Nanotechnology Seminar Series
"Tumor Targeting Nanodelivery Systems: Expanding the Potential for Cancer Therapy and Diagnosis"
January 27, 2005
Esther H. Chang, Ph.D.
Professor of Oncology and Otolaryngology
Georgetown University Medical Center
Lombardi Comprehensive Cancer Center
Dr. Esther Chang serves as Basic Science co-Leader of the Molecular Targets and Developmental Therapeutics (MTDT) Program at Lombardi Comprehensive Cancer Center. Her research efforts focus primarily on the molecular mechanisms of carcinogenesis, and in translating this basic information into new clinical modalities. Specifically, Dr. Chang is interested in the genetic basis of cancer and mainly focuses on tumor suppressor genes p53 and Rb and oncogenes HER-2, ras and raf. More recently, her research is directed toward improving conventional cancer therapies by combining them with systemic, tumor-targeted gene therapies to down modulate the expression of oncogenes or restore the function of tumor suppressor genes. Both strategies are rooted deeply in the principles of induction or enhancement of apoptosis caused by a conventional cancer therapy. These innovative therapeutic approaches involve delivery of the molecular therapeutics via vectors that not only home to the primary tumor, but also to the metastases. Through the NCI Decision network, the NCI's Rapid Access to Intervention Development (RAID), NIDCR RO1, and NCI STTR I and II grant mechanism, this new therapeutic modality is now being evaluated for use in human clinical trials. Dr. Chang's research contributions are evident in her more than 120 publications and her 20-year history of continuous peer-reviewed grant support. Two of her seminal papers were in the top 100 and one in the top 10 most-cited publications in biomedical sciences in their respective years of publication.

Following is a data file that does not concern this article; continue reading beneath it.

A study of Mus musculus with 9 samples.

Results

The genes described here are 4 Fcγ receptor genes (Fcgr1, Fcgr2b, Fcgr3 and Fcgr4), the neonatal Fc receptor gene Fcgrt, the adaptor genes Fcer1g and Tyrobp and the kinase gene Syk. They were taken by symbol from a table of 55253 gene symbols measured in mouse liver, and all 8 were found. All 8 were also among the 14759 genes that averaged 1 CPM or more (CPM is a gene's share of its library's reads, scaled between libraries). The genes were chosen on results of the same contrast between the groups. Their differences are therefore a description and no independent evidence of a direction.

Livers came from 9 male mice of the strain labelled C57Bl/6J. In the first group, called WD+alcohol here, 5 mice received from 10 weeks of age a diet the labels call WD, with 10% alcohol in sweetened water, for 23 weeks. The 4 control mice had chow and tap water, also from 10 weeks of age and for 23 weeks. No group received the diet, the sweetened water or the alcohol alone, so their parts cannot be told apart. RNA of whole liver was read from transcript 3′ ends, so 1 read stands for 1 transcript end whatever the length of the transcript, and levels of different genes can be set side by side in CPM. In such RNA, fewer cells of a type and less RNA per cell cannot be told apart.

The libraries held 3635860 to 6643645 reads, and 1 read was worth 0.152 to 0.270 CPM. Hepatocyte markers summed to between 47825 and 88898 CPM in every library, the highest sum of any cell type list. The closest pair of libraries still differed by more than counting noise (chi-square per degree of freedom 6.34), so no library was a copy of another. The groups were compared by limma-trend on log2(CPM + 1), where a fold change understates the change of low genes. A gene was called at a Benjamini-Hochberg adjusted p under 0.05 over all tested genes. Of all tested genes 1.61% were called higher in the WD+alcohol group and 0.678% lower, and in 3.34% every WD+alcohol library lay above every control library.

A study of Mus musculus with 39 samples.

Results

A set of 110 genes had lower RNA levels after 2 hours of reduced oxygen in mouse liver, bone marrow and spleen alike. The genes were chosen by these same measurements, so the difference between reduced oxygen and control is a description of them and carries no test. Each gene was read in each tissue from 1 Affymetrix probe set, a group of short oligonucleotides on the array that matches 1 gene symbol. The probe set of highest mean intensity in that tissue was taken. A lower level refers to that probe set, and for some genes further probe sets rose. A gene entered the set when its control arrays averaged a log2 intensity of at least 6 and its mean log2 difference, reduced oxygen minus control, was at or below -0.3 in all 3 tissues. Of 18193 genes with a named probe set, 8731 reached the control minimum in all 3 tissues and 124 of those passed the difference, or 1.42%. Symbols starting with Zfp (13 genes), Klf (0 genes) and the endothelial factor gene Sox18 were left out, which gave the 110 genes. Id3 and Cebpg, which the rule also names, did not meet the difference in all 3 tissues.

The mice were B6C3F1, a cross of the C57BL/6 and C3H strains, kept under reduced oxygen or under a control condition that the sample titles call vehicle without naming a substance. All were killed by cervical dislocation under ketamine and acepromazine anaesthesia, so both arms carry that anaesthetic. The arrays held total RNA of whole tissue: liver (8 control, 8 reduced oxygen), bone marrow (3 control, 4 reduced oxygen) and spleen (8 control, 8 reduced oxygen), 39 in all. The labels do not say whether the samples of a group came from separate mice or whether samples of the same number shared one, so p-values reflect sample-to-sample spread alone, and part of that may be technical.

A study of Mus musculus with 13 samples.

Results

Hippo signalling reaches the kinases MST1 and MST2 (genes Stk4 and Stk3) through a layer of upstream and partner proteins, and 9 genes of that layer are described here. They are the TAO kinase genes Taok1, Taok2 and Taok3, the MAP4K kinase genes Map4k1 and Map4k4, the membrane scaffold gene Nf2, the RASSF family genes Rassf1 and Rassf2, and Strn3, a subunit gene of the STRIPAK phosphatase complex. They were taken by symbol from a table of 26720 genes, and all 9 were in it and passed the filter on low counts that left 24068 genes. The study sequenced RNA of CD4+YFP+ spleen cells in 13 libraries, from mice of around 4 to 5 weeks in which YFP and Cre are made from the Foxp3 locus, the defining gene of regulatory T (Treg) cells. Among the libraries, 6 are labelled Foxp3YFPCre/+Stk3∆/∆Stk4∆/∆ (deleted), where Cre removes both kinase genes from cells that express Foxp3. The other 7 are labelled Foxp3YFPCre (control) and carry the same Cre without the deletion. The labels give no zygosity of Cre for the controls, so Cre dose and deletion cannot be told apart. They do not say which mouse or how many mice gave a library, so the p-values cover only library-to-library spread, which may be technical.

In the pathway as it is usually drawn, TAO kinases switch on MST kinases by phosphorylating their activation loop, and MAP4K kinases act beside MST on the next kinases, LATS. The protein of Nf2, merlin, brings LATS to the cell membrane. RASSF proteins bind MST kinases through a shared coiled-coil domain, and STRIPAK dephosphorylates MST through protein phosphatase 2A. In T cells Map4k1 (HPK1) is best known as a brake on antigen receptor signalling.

Tumor Targeting Nanodelivery Systems: Expanding the Potential for Cancer Therapy and Diagnosis
Many issues need to be addressed before the promise of tumor-targeting diagnosis and therapy for cancer can be realized. Foremost among these is the efficient and selective delivery of diagnostic or therapeutic molecules to the site(s) in the body where the target tumor cells reside. Of particular relevance to cancer is the ability to target cells that have migrated via metastases from the site of the primary tumor. Our laboratory has demonstrated that a systemically administered, cationic liposomal nanocomplex bearing molecules that home to the surface of tumor cells can efficiently and selectively deliver diagnostic contrast agents and nucleic acid-based therapeutics to primary tumors and metastases in animal models of a variety of human cancers. The nanodelivery of imaging agents results in a significant improvement in the sensitivity and resolution in detecting metastatic lesions. Moreover, certain of the nucleic acid-based therapeutics have been shown to dramatically synergize with conventional radio- and chemotherapies.